Zimbabwe power distribution company obtains ROC

A Zimbabwean parastatal has become the first company in the country to acquire a Remote Operator’s Certificate in the country.

The Zimbabwe Electricity Transmission and Distribution Company (ZETDC) will be using its newly acquired drone superpowers to inspect power lines across the country, checking for faults that would disturb the uninterrupted supply of electricity, and also ensuring that the electricity infrastructure paths remain free from vegetation overgrowth and other foreign impediments.

“Drones are key in the Zimbabwe’s electricity market digital disruption,” said Sydney Gata, the executive chairman of the Zimbabwe Electricity Supply Authority (ZESA) the parent company of the ZETDC. “They create opportunities beyond the traditional way of doing business, provide non-traditional solutions and simplify the electricity generation, transmission and distribution processes.”

Without even going hyperbolic, we can certify that obtaining an ROC is something akin to striking gold in Africa, with many regulators on the continent still looking at drone technology with untrusting eyes, which has made the certification process usually gruelling and time-consuming.

South Africa, for instance, was the first African country to realise the potential drone had for the national economy, and the first to promulgate a drone law in 2015; but event then the country has been shy in approving ROCs to organisations that need them – only handing out about 90 across the country to date.

The certification process could also stretch three years.

In acquiring their ROC, the ZETDC had to satisfy the local Civil Aviation Authority in five phases – pre-application, formal application, documentation and evaluation; and finally, inspection.

“The government has established local regulations to guide the industry, which includes those who want to use the drones for private, commercial, corporate and non-profit operations,” said Elijah Chingosho, Director General of CAAZ.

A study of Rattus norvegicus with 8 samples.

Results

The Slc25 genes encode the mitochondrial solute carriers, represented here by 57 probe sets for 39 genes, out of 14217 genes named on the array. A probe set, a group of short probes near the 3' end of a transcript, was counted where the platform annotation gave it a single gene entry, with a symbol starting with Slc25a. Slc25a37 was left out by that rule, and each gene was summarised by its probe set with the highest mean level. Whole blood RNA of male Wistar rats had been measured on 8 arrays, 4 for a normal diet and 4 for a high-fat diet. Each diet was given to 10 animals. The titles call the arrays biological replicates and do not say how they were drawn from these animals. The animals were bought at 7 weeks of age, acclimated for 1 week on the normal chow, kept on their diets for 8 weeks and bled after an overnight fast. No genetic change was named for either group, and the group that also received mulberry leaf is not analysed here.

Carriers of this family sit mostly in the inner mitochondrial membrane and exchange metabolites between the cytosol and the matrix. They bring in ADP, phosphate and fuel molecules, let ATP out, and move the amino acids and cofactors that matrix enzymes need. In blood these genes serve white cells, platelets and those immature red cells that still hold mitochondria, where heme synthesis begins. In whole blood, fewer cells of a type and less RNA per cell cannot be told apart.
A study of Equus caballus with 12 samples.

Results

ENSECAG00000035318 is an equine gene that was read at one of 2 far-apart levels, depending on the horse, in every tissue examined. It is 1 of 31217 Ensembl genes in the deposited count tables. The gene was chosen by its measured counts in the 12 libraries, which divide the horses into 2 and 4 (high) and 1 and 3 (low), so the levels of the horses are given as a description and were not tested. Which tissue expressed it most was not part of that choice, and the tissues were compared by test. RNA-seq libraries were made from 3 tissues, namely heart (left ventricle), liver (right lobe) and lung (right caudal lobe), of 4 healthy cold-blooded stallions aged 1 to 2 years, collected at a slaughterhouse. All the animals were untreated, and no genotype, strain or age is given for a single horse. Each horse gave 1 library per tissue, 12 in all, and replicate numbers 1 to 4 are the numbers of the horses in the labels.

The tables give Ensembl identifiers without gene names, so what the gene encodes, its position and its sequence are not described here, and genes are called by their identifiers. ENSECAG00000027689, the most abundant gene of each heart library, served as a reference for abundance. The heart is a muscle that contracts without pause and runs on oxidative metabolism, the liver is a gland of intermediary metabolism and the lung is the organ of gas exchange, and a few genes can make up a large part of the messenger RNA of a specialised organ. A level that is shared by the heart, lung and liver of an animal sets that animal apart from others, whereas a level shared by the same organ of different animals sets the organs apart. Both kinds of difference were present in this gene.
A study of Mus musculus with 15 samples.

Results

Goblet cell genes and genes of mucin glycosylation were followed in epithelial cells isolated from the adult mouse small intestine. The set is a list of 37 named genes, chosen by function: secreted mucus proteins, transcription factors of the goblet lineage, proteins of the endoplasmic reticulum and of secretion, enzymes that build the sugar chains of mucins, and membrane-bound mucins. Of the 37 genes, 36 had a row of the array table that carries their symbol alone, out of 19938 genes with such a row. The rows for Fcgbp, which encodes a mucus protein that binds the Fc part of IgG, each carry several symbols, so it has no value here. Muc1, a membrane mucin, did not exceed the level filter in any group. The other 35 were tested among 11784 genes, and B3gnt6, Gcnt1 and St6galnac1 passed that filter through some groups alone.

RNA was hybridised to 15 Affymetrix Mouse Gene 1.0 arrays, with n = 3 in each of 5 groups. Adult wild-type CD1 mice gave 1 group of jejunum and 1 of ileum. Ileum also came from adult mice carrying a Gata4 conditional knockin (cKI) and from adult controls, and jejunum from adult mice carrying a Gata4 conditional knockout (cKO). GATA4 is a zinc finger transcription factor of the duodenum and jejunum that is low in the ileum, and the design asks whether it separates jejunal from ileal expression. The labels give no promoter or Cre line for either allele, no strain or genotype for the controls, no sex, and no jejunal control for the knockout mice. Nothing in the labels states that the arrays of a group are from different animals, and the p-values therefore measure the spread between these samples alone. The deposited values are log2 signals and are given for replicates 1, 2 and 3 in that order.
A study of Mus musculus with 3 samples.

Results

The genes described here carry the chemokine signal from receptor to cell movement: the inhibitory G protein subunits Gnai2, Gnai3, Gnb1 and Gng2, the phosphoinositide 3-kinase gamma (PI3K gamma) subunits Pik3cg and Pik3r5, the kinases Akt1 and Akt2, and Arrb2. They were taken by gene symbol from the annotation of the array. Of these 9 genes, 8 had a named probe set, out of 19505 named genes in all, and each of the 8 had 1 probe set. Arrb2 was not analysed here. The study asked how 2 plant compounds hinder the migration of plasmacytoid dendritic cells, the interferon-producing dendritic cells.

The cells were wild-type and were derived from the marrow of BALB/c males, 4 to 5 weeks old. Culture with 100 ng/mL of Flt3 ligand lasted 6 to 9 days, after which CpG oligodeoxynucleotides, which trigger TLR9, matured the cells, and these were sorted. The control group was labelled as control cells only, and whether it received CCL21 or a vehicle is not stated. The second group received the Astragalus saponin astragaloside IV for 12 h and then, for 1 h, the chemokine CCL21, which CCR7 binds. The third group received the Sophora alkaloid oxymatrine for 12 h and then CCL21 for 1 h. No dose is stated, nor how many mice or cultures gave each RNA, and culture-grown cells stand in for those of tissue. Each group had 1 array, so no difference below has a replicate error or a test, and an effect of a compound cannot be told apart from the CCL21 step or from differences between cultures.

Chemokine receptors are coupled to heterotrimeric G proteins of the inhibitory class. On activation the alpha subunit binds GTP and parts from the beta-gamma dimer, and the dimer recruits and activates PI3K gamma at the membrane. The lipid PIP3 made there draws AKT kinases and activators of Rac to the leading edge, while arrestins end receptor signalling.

“These regulations are called the Civil Aviation Remotely Pilot Aircraft Regulations and are published in Statutory Instrument 271 of 2018. They seek to achieve integration and acceptance of drones into the existing aviation systems while fostering an innovation and competitive drone industry.”

Little by little, drone technology is gaining traction on the Zimbabwean commercial and public space, with the country holding its first ever conference on drones last November. Since then, the local disaster response organization, the Civil Protection Unit received its batch of drones to deploy during emergencies like floods and fire outbreaks.

There are also a number of start-ups that have been using the drones in agriculture, in addition to hitherto small and medium scale applications in mining, surveying and environmental and wildlife conservation.

Two drone training schools have also since opened up their doors for business in the country.

The rage in drone technology in Southern Africa has been in government-supported medical logistics though. Malawi, Botswana, Mozambique and Namibia have partnered with international non-governmental organisations and medical drone logistics companies to transport medical supplies to their rural health facilities in a faster way, but Zimbabwe has not even tried autonomous medical logistics as yet.

The experiences with the ZETDC may prove a positive turn for the growth of the drone industry in the country, and we congratulate them on their achievement.